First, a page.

Does your mind say ‘waste’ or ‘irrelevant’ when someone says sand, ash, plastic, newspaper, and rags? Research says that this would answer would resonate with only 12 percent of the 450 million women in India from across all economic layers. What’s waste and irrelevant to us is a vital resource for women rural, urban and semi-urban low income groups when they menstruate, either due to lack of awareness or economic factors.
Apart from the financial and educational aspect, there is an age-old cultural taboo surrounding the natural process of menstruation in the developing world, which hasn’t reached mainstream awareness yet.
Dilip Pattubala pursued business management, during which he started a community service club organising activities like blood donation camps, slum development camps etc. Something clicked and he found his calling in the development sector.
Dilip had previously worked with The Akshaya Patra Foundation and HelpAge India. To dive deeper into the sector, Dilip pursued a Master’s in Social Welfare and Social Policy from Anglia Ruskin University, Cambridge, and worked with Red Cross Society in London. He moved back to Bengaluru to work with Pollinate Energy, an Australian startup working to eradicate energy poverty in Bengaluru’s slums. Dilip recalls,
One day I was working in the field when one of my Australian colleagues made an innocuous inquiry about the status of menstrual hygiene of women living in the urban slums. Quite taken back by the question because I had, like many men, never given this any thought, so I didn’t have an answer.
Curiosity led him to some desktop research and what he read was hard to comprehend. He adds, “It is one thing working in the urban slums but another thing when you read only 12 percent of the 450 million women in India have a basic idea of menstrual hygiene. I feared what would actually come out if we went looking.”
Dilip decided to rope in long-time friend, Sahana Bhat. Sahana holds a Master’s in Media Law and has worked with firms like Janagraha. The duo took a break from their respective commitments and decided to go looking for answers themselves. They conducted a survey with 250 underprivileged women to understand the status quo. The fear that was nesting in the duo’s minds turned out to be even more monstrous than what the reports suggested. Sahana says,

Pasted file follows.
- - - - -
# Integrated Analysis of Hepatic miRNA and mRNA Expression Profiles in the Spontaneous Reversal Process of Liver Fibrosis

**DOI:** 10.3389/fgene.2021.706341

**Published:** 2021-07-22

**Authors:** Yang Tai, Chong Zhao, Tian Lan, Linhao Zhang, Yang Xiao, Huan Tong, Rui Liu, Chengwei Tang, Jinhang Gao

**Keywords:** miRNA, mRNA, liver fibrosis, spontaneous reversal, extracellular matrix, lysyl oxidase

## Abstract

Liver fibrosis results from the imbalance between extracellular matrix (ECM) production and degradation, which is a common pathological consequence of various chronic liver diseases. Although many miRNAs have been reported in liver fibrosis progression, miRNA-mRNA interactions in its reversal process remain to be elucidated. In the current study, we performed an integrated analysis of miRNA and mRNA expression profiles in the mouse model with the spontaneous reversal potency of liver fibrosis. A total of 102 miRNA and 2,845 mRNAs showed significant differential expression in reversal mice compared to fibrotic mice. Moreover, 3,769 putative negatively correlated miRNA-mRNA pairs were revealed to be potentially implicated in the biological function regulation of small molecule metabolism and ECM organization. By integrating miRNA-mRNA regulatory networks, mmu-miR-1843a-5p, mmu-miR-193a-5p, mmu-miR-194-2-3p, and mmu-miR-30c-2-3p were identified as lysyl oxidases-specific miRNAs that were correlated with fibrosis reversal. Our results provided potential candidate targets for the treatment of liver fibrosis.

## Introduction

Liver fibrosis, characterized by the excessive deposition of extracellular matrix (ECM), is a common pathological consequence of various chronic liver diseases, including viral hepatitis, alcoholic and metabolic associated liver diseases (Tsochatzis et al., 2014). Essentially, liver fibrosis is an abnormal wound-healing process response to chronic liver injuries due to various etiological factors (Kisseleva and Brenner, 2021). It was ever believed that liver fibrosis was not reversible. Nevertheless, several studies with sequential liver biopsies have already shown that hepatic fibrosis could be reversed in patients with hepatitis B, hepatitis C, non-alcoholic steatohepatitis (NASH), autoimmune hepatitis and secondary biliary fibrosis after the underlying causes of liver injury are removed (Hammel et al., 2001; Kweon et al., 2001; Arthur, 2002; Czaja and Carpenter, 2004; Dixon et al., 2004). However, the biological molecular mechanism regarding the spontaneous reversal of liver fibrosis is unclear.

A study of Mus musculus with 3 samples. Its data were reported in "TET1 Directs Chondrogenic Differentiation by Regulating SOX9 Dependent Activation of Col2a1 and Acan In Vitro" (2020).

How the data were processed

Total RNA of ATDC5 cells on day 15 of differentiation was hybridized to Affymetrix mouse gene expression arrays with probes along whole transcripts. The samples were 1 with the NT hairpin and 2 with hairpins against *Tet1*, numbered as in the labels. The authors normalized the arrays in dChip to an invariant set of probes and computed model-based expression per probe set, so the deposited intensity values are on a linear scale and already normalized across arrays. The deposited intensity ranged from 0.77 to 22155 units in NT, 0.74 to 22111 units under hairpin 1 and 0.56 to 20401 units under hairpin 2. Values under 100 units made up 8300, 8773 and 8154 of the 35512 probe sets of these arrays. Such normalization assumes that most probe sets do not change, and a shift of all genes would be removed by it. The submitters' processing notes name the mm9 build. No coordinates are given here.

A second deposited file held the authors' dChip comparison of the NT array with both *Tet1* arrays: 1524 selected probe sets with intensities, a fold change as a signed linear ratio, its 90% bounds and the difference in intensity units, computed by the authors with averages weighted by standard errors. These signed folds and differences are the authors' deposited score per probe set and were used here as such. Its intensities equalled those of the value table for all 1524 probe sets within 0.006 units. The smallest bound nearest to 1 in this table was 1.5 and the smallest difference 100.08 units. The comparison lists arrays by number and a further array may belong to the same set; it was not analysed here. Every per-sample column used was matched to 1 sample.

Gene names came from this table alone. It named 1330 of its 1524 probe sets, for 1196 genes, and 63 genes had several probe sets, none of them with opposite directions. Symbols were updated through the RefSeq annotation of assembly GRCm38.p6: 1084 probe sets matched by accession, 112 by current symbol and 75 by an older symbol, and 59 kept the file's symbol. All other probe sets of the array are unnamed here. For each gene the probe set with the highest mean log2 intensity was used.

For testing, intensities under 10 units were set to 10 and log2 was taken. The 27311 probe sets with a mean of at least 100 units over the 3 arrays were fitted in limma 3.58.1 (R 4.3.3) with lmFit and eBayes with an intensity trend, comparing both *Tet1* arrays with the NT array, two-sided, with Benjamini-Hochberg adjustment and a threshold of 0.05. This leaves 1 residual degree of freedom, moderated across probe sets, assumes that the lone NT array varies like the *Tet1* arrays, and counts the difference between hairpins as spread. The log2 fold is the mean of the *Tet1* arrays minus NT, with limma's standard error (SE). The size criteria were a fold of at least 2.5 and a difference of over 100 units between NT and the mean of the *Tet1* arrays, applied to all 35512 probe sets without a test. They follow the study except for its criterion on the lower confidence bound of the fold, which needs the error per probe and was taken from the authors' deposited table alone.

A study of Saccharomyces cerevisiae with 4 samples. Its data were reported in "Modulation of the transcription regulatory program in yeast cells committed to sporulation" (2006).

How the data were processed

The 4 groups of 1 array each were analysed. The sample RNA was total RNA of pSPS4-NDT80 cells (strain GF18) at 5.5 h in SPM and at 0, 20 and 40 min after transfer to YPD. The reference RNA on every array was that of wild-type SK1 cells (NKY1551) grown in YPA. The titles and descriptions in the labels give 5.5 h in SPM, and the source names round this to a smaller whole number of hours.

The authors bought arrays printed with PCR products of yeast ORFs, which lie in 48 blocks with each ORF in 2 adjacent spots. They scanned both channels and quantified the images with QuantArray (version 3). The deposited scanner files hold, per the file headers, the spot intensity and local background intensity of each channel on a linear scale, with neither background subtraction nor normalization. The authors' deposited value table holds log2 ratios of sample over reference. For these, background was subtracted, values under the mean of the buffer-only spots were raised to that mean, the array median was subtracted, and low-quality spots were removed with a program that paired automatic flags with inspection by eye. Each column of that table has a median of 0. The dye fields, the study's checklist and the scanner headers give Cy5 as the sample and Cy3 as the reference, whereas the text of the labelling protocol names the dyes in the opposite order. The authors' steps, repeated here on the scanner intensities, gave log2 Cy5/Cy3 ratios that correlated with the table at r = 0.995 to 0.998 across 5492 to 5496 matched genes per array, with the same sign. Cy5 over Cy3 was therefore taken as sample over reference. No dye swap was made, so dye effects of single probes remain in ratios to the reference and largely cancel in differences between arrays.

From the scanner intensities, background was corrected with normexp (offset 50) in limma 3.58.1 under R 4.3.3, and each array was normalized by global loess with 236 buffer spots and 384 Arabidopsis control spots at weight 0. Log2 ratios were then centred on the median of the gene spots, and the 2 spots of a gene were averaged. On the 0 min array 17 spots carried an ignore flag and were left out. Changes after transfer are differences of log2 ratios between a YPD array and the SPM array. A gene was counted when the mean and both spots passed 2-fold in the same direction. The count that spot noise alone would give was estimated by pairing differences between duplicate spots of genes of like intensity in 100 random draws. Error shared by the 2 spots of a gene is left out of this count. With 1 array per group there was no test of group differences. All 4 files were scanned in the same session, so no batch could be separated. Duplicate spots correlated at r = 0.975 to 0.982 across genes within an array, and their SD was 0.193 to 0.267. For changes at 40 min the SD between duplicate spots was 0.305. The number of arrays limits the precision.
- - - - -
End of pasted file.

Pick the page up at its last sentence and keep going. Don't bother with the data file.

It was hard to digest when we found that even today 82 percent of the women in the sample were resorting to extremely unhygienic methods, like ash, sand, plastic, newspapers, rags, and even leaves!
Shocked with their findings and understanding the exigency for the need of a solution, Dilip and Suhana, both in their early twenties, founded Sukhibhava in 2013, with operations starting in June 2014.
Sukhibhava works with the women in the urban slums of Bengaluru, educating them about menstrual hygiene and providing them affordable menstrual hygiene products like sanitary pads through locally trained female micro-entrepreneurs.
Drawing from learnings gained from the survey, the team conducted a four-month pilot, testing out 12 different products. The end of the pilot gave a conclusive answer to Sukhibhava about what to sell and how to sell it.
Here’s how they work:
Sukhibhava is currently reaching over 7,200 women every month with affordable sanitary pads. It has educated over 11,800 women till date, and is working with 18 female micro-entrepreneurs in south Bengaluru.
Sukhibhava’s impact has been recognised by UN Habitat’s India Youth Fund, Acumen Fellowship, Deshpande Foundation, NASSCOM Foundation’s Social Innovation awards, Tata Social Enterprise Challenge and IIM-B’s Unsung Heroes.
Dilip says that with miniscule profits it takes them a longer time to become sustainable since they’re selling sanitary pads at the cheapest possible price. “It takes about five to six months to make each chapter, which has about five to eight micro-entrepreneurs, sustainable,” he says.
Collaborations being a critical success factor for any social enterprise, Sahana says that they work with partner organisations in every community. She says, “Currently we have collaborative projects with MITU Foundation, Raza Education Society, PASAND, Saral Designs and Mantra4Change.”
On challenges, Dilip and Sahana say that working on a socially stigmatised subject was never easy.
Dilip is an Acumen Fellow from the 2016 cohort and has his hands full with the Fellowship and Sukhibhava’s operations. Co-founder Sahana is also pursuing an MBA in Marketing.
Despite the duo’s almost impossible schedule, they’ve put Sukhibhava’s in the driver’s seat. Dilip tells us, “We see us working with one million women in next five years.”
Sukhibhava will be fully operational in Bengaluru by August 2016. In the coming months, it intends to start working with rural regions of Hubli and Dharwad, and setting up operations in Pune. It hopes to start working in a third city by January 2017.
On a parting note, Dilip spills the beans on his dreams and next project,
Sukhibhava’s vision is my big dream, a day when every woman has the access and awareness to hygienic menstrual practices. But I don’t see that as an end, I want to work on similar issues which are often not talked about. Family planning will be our next project.